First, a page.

What you need
Denim or upholstery needle
Sharp pair of 8-12" fabric scissors
Chalk or remove-able fabric marker
Upholstery thread is available in limited colors, you can use heavy duty polyester which comes in more colors, but you will still need the denim or upholstery needle. I prefer the upholstery thread because it is made of nylon, and will not fade, wear or break.
Selecting your thread color may become your next problem since there are limited colors. I always go with the slightly darker thread to the fabric, if I have a choice. But, usually I just go with what is in the family tin. We have at home a very large tin, which has a variety of threads, quite literally passed down from grandmother to granddaughter. Would you believe some of the spools are actually made of wood-- and hold mercerized cotton thread. We throw nothing out. My grandmother, an accomplished home decorator and seamstress, divided her sewing world into black and white, only occasional venturing out into other colors, if top stitching was required. This may be a slight exaggeration, but if you cannot find the exact color of thread to your fabric, all is not lost, just go with the closest. If top stitching is required, go with a neutral color that develops the look of the clothing. For instance, with a white wool, you could use a brown or black to define the lines of the coat. Alternately, go with a color that blends with most of the clothes colors you wear. Do you wear a lot a green--blue?-- then, top stitch your white coat with green or blue thread. This is your project, your coat, unlike the mass produced items that have to conform to the majority's tastes and color tones.
Remember, the seams are not suppose to be seen, only if you are top stitching does thread color become anything of a real concern.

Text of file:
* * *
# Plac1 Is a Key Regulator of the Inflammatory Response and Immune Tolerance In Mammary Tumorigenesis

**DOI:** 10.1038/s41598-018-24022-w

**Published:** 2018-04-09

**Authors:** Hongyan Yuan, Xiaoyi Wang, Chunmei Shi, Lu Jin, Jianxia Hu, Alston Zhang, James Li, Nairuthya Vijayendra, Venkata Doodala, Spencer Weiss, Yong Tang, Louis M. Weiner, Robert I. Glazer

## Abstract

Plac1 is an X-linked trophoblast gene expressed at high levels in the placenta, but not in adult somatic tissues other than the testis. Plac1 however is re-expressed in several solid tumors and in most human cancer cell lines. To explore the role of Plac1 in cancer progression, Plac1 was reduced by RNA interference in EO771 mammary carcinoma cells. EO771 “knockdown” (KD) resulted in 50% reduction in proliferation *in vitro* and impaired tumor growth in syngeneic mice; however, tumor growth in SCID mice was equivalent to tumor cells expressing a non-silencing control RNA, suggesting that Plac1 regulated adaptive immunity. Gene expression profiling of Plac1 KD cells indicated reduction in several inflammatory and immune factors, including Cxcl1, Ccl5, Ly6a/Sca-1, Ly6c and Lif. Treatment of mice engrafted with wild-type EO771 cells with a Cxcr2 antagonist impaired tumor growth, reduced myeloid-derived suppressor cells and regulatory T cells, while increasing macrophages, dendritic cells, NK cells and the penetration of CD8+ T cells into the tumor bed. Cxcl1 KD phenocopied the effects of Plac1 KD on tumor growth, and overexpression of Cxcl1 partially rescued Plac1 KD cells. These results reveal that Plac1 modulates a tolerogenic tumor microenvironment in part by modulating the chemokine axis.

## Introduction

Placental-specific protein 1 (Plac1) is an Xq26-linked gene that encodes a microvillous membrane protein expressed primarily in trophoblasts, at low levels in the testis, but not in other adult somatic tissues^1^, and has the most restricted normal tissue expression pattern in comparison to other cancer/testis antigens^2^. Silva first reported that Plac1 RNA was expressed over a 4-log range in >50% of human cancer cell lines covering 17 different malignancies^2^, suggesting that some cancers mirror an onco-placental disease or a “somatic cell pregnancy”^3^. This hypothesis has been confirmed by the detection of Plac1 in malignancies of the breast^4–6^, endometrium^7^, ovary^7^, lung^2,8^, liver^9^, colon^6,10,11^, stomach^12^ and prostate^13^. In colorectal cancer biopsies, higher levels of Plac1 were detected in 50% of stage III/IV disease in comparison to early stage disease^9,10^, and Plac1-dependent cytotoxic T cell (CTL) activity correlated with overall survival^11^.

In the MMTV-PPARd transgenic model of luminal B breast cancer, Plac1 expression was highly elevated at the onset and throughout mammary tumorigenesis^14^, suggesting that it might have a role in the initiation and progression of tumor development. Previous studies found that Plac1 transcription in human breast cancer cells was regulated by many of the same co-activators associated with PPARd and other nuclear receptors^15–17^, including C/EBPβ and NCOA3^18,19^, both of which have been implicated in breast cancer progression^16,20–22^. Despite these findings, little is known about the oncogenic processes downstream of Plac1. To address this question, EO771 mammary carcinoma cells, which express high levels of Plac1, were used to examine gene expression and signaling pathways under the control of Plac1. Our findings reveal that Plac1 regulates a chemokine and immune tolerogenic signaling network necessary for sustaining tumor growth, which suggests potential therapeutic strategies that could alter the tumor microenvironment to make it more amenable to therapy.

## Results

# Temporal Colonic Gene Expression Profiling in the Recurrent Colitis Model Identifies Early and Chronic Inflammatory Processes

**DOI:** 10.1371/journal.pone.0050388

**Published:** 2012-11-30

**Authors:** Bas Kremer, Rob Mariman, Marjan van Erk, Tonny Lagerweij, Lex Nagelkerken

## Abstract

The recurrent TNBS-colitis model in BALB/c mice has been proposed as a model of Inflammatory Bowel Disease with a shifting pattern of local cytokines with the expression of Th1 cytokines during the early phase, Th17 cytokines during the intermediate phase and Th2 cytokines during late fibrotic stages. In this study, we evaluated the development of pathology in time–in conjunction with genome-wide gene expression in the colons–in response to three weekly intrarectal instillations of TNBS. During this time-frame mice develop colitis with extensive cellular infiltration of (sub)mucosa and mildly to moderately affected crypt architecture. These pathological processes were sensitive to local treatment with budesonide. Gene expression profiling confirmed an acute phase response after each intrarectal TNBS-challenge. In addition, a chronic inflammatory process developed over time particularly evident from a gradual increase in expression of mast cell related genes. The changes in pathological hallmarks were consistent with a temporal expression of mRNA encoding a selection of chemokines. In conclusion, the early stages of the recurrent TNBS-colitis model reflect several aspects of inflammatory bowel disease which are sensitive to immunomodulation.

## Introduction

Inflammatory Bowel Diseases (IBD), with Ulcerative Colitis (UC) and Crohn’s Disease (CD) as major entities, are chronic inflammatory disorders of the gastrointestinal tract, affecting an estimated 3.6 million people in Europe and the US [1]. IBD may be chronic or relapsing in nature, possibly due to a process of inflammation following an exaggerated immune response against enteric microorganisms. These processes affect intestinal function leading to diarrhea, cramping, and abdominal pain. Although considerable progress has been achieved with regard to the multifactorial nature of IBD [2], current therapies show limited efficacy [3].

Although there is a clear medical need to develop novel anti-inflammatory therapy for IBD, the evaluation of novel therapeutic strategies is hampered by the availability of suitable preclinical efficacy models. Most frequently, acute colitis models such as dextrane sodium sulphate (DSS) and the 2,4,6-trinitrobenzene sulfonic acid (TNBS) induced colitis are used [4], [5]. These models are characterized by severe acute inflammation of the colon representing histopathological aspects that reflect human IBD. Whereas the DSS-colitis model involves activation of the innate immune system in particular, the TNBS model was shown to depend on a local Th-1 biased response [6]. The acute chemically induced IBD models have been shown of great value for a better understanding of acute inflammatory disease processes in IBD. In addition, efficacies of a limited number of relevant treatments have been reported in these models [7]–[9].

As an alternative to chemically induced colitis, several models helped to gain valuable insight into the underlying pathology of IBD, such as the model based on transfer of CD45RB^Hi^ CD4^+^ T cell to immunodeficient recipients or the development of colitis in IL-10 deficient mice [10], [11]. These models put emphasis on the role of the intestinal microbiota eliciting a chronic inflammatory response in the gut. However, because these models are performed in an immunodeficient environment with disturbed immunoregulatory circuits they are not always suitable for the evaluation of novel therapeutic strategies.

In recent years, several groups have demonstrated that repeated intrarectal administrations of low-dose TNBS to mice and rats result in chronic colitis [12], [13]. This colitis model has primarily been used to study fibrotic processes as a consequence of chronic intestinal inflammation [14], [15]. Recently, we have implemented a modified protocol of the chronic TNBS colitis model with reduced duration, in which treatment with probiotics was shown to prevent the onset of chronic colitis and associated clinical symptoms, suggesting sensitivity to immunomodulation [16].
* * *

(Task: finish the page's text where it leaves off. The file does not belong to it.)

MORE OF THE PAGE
Upholstery or denim needle--The stronger needle is needed to work with the stronger thread, otherwise your stitches will go wonky, and the sewing machine will keep jamming. Also, the bonded sherpa has a skin, of sorts, which needs a strong needle to penetrate.
IMPORTANT: Before starting to sew, check through your sewing machine's manual regarding adjusting tension for a thicker thread. Since you probably don't sew with thick thread often, it is easy to forget things. For instance, I have a tension adjustment on my bobbin as well as the machine. More times than I care to count, I have started sewing, only to end up having to rip out a lump of matted thread that was suppose to be a seam.
ALSO IMPORTANT: You will want to raise the pressure foot because of the thickness. A pressure foot that is too tight against the fabric will slow and pucker the fabric as the feeder moves the fabric passed the needle.
Craft pins--I use craft pins for the heavier thicker fabrics. Craft pins are found along the notions wall, and are longer and thicker than the regular ones. Their ball ends come in multi colors which make them easier to find when you accidentally drop one on the floor. The longer pin can easily go through the thicker layers without bending, holding your fabric flat.
Long scissors--Again, because of the thickness of the fabric, you will want a sharp pair of longer scissors. In cutting the fabric, you will not be doing fine cutting, but volume cutting, so the long blade will allow you to cut further with each slice. Also, the heavier scissor will help you make a more stable cut straight up and down.
Calk--Having chalk available for most projects is good, but winter coats usually require marking pocket placement and buttons, etc.